According to a report by the Australian Broadcasting Corporation, Lyn Reads, a grandmother suffering from a terminal illness, claims that an Australia-based bank should have been able to prevent a scam that resulted in the theft of approximately $50,000 AUD (equivalent to $32,000 USD) from her bank account. Check out more details below.

Bendigo Bank issues have been revealed

Initially, Reads received a text message that seemed to be from Bendigo Bank.

When she contacted the number provided in the message, she spoke to a criminal who convinced her that her account was being attacked. As a result, Reads provided her six-digit passcode, which enabled the scammer to transfer her funds to two accounts at the same bank.

After suspecting that she had fallen victim to a scam, Reads wasted no time in visiting her local branch for assistance.

The teller at the branch assured her that the lender’s fraud team would retrieve the thousands of dollars that had been saved in her account within two weeks. However, nine months have passed, and there is still a disagreement with the bank over the return of her funds.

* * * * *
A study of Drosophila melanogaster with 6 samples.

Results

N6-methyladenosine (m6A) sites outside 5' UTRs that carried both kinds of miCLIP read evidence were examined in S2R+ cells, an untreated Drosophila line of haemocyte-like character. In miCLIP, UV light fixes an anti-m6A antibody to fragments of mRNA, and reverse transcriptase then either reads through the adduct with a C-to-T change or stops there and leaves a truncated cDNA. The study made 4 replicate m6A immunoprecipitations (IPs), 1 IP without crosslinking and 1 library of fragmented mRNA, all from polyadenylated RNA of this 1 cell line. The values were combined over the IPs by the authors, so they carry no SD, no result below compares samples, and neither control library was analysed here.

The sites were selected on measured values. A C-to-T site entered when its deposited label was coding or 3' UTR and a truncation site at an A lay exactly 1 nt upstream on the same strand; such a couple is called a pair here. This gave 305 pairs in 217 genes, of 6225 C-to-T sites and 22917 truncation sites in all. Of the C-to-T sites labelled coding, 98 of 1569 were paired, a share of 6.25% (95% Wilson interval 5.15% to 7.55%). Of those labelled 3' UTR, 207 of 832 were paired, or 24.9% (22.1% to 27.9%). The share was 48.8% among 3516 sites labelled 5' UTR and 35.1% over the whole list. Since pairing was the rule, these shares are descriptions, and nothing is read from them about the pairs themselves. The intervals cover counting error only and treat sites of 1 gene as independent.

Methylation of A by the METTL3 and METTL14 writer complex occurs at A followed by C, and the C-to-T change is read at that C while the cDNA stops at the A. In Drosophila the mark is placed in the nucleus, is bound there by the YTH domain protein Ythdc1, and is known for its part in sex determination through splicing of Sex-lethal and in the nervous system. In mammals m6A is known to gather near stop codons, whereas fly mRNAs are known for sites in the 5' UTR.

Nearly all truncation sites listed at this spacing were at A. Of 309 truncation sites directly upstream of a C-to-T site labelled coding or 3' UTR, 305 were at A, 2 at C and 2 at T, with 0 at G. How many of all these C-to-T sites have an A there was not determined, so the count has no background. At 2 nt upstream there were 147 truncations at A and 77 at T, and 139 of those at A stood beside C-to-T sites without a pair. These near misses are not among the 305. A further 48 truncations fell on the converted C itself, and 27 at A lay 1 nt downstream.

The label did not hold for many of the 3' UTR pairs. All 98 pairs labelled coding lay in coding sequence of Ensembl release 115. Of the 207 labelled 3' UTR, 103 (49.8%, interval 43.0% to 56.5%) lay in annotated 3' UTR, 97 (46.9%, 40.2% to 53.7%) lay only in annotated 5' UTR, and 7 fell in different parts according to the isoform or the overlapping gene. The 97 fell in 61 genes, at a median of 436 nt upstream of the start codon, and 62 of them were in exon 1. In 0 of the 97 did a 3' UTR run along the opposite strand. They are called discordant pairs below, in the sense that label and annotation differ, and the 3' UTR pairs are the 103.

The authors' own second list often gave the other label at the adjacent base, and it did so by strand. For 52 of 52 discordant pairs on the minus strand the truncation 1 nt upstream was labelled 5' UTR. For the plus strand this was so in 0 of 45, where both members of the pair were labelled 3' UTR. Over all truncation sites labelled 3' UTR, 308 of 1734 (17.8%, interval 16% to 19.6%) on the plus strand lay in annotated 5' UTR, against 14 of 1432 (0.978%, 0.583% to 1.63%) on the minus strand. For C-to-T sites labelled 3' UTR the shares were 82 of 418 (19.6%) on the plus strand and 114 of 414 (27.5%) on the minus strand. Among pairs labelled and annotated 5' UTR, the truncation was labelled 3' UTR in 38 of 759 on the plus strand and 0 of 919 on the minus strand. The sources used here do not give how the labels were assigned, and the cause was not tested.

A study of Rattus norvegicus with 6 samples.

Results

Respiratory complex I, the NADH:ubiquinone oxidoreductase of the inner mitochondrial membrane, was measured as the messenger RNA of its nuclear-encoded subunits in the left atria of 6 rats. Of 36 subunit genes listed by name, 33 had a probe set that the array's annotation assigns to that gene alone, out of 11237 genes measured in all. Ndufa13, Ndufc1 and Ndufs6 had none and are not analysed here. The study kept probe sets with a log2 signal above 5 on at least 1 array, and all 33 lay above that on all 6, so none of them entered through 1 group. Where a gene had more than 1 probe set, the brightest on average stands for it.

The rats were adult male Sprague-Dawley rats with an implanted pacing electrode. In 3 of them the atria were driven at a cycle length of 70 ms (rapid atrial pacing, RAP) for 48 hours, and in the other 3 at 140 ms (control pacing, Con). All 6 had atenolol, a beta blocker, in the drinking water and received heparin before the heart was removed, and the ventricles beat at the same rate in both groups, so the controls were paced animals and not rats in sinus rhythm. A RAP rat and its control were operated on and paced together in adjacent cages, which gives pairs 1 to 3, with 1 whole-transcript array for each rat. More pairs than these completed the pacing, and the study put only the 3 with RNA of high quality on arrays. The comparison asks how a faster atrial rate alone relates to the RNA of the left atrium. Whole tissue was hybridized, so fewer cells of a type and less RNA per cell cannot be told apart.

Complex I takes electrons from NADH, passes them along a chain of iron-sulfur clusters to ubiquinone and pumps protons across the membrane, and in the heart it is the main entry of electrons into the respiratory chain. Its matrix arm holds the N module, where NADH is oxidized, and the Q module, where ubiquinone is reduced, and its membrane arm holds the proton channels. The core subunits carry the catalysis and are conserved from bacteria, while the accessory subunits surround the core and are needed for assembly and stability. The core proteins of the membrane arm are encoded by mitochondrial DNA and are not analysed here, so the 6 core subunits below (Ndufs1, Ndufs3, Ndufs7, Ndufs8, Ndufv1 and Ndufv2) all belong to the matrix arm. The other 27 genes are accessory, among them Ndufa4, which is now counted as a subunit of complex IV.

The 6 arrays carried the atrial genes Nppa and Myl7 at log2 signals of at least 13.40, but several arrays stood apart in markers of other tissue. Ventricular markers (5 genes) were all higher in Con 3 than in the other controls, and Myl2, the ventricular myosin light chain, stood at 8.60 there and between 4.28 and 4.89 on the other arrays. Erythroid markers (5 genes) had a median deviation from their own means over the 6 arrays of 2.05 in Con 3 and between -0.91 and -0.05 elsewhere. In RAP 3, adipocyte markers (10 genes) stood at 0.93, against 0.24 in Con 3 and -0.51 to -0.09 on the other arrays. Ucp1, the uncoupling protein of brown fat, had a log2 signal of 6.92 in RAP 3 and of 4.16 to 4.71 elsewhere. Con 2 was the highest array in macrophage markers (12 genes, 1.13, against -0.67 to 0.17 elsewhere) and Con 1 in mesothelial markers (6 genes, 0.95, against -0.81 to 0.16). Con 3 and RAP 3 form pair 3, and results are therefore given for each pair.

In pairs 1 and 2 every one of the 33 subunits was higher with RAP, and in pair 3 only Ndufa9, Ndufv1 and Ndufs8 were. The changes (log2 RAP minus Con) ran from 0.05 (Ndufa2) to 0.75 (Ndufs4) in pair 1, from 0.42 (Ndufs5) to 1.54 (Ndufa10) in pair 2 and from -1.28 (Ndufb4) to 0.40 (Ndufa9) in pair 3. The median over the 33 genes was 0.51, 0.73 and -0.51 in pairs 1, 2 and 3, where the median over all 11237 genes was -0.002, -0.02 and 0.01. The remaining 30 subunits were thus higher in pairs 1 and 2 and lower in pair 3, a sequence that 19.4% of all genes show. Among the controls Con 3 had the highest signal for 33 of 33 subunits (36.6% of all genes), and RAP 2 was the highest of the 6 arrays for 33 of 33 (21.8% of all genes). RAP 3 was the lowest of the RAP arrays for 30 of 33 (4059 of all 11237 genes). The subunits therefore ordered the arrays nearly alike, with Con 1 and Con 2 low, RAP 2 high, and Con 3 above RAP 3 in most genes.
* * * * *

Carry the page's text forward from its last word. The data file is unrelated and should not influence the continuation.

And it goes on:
Documents reveal that the bank took over an hour to label the relevant accounts as “mule accounts” after Reads had notified her local branch, which are accounts used by criminals to collect funds. Unfortunately, the funds had already been withdrawn by that point.

Reads believes that the bank should have taken prompt action, given that the accounts involved in the theft were also held with Bendigo Bank, and that the bank should have flagged the highly unusual transfers from her account.

“They were large sums of money and it was quite out of the ordinary for me.”

According to Bendigo Bank, Reads is to blame for the loss because she shared her passcode with the scammer.

However, Reads, who is terminally ill with cancer, explains that she needs the money to enjoy her remaining time with her children and grandchildren and to cover her funeral expenses.

In the past year, the Australian Competition and Consumer Commission has received over 14,500 reports of bank impersonation scams, resulting in losses of more than $20 million AUD.